Rison's most publicized trappin' to date came in the days leading up to Atlanta's game with the Chicago Bears on Nov. 11. Bears cornerback Lemuel Stinson, who was among the NFC interception leaders at the time, started the war of words by proclaiming Sanders "a nobody" when it came to playing corner-back. "You never see [ Sanders] putting his headgear down in there," Stinson said. "He is not a cover guy, either. He can't cover our receivers man-to-man."
When Rison read that Stinson had ripped Sanders, his closest friend on the Falcons (while Sanders is known as Prime Time, Rison is known as Showtime), he laid some serious smack on Stinson: "If it's just me and him, we'll call 38 pass plays, I'll score 38 touchdowns.... If he plays me man-to-man the whole game, I'll be in the Hall of Fame by Monday. I've got my [induction] speech ready."
As it turned out, Stinson intercepted two passes, and the Bears defeated the Falcons 30-24. Rison, who had six catches, was at fault on one of the interceptions, because he ran an outside pattern rather than an inside route. Still, he refuses to retract his pregame smack. "It's like you've got a 'no trespassing' sign in your yard, and somebody walks up anyway," Rison says. "You have to speak up when everybody is against you. We went into Soldier Field, and everybody was yelling, 'Deion sucks! Rison sucks!' What am I going to do, get down on my knee?
"Ask my friends. They'll tell you I'm a comedian. I don't throw my achievements in anybody's face. The comments I make are always funny. When I'm doing my job, I'm doing what gets Andre over. I can't think of what somebody else thinks about me. I have to worry about what's up under my helmet. A wide receiver is supposed to be skinny, not very strong, fluid and timid. I'm totally the opposite. Nobody can intimidate me."
After scoring a touchdown, Showtime breaks into a celebratory dance known as The Highlight Zone. That's the name Rison selected in September from more than 8,000 suggestions in a contest run by The Atlanta Journal and Constitution. Fans have asked him to perform the duck walk in parking lots, grocery stores, shopping malls and public restrooms.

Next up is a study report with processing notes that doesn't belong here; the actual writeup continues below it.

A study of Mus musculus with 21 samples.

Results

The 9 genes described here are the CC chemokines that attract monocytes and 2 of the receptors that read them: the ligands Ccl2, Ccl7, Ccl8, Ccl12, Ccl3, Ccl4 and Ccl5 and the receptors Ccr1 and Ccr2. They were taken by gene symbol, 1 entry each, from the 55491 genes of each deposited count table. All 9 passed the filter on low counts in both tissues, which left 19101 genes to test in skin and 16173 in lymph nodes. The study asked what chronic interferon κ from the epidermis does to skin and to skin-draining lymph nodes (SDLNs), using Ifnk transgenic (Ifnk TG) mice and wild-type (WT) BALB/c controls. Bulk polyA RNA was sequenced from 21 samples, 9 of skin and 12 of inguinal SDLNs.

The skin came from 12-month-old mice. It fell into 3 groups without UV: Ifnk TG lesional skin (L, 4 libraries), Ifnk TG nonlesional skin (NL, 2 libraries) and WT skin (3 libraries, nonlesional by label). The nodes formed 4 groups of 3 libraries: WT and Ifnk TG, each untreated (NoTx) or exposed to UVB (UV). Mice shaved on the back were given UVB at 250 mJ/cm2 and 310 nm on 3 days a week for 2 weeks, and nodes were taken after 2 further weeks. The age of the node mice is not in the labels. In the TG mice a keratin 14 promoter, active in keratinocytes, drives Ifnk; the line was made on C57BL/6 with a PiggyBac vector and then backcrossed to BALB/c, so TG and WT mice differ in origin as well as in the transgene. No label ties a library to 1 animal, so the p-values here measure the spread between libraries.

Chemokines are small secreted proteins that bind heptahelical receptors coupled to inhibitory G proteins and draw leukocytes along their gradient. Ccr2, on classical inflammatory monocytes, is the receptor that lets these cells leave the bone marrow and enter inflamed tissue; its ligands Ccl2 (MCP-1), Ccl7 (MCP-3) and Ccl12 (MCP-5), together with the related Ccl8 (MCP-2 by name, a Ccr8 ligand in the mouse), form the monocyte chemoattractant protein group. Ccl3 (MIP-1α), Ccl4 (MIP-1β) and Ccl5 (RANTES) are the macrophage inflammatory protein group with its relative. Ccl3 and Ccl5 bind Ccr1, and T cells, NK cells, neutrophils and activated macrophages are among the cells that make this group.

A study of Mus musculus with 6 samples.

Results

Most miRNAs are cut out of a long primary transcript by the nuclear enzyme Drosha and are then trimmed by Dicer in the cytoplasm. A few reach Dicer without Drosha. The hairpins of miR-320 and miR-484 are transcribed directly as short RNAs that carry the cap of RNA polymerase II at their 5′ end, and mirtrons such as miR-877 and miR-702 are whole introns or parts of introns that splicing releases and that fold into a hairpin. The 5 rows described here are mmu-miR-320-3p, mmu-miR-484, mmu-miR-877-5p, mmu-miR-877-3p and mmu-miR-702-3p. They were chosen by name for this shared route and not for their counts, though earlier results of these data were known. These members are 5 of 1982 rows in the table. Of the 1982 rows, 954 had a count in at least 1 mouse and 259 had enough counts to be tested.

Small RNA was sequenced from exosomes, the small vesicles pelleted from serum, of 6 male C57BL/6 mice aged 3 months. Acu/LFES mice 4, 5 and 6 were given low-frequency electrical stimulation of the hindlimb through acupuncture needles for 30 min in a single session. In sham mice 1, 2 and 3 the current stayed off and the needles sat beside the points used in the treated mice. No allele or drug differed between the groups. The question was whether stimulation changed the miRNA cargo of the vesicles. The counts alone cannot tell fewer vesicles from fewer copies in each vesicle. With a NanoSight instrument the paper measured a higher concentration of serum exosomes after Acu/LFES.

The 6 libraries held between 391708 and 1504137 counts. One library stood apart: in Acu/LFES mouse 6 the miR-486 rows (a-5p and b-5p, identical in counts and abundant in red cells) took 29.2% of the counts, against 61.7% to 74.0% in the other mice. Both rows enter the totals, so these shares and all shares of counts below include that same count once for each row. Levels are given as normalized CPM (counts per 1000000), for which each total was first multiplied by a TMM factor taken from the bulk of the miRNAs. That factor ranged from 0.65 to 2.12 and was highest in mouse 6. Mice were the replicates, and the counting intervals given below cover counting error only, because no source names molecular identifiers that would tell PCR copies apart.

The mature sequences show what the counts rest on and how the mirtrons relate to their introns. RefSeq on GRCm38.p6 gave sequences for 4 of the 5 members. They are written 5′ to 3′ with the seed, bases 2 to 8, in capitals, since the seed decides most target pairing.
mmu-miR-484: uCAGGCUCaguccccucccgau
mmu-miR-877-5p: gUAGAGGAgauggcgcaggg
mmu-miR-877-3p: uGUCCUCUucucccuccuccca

Even in his spare time Rison puts his showmanship and vocal cords to work. He and a friend, Ray (Stingray) Potter, from Lansing, Mich., are collaborating on an album they plan to release in January under the name Embrace. They work out of a bedroom in the condominium Rison rents in suburban Atlanta. Three computerized keyboards, which sit on cardboard boxes covered with beach towels, serve as their "orchestra." Rison and Potter have written lyrics for 10 ballads and 15 up-tempo songs, taped layers of melodic lines on a four-track recorder and "stacked" their voices, beginning with tenor leads and filling in baritone, alto and soprano backups.
Neither reads or writes music, but Stingray has a rich, full voice, developed through years of gospel singing. Rison's voice, on the other hand, sounds strained and flat. His previous musical experience consisted of solos in the shower. "A few months ago, he sounded like James Brown, shrieking and screaming into the microphone," says Potter. "What Andre has going for him is a passion for music. He's not Luther Vandross, but who is?"
Polished or not, Rison envisions music videos, concert tours, gold albums and shelves full of Grammys. "You just wait," he says. "When we go into the studio, I'll blow everybody away. I'm determined to make it. I'll be a star someday. M.C. Hammer—you can't touch me."
Instant success as a pro football player. Toast of the town. Aspiring recording star. Not so long ago such notions never crossed the mind of a kid who grew up wanting to be an NBA star.
Rison was the point guard on a Flint (Mich.) Northwestern High basketball team that went 55-1 and won state titles in his junior and senior seasons. He was a two-time all-state selection, and his 636 career assists remain a school record. Except for Rison, all the seniors from both championship teams accepted basketball scholarships to major colleges, and two-Jeff Grayer ( Milwaukee Bucks) and Glen Rice ( Miami Heat)—are in the NBA. Rison also played eight positions on the football team: tailback, quarterback, wide receiver, tight end, safety, cornerback, punter and placekicker. He became an all-state punter as a junior and an All-America defensive back as a senior.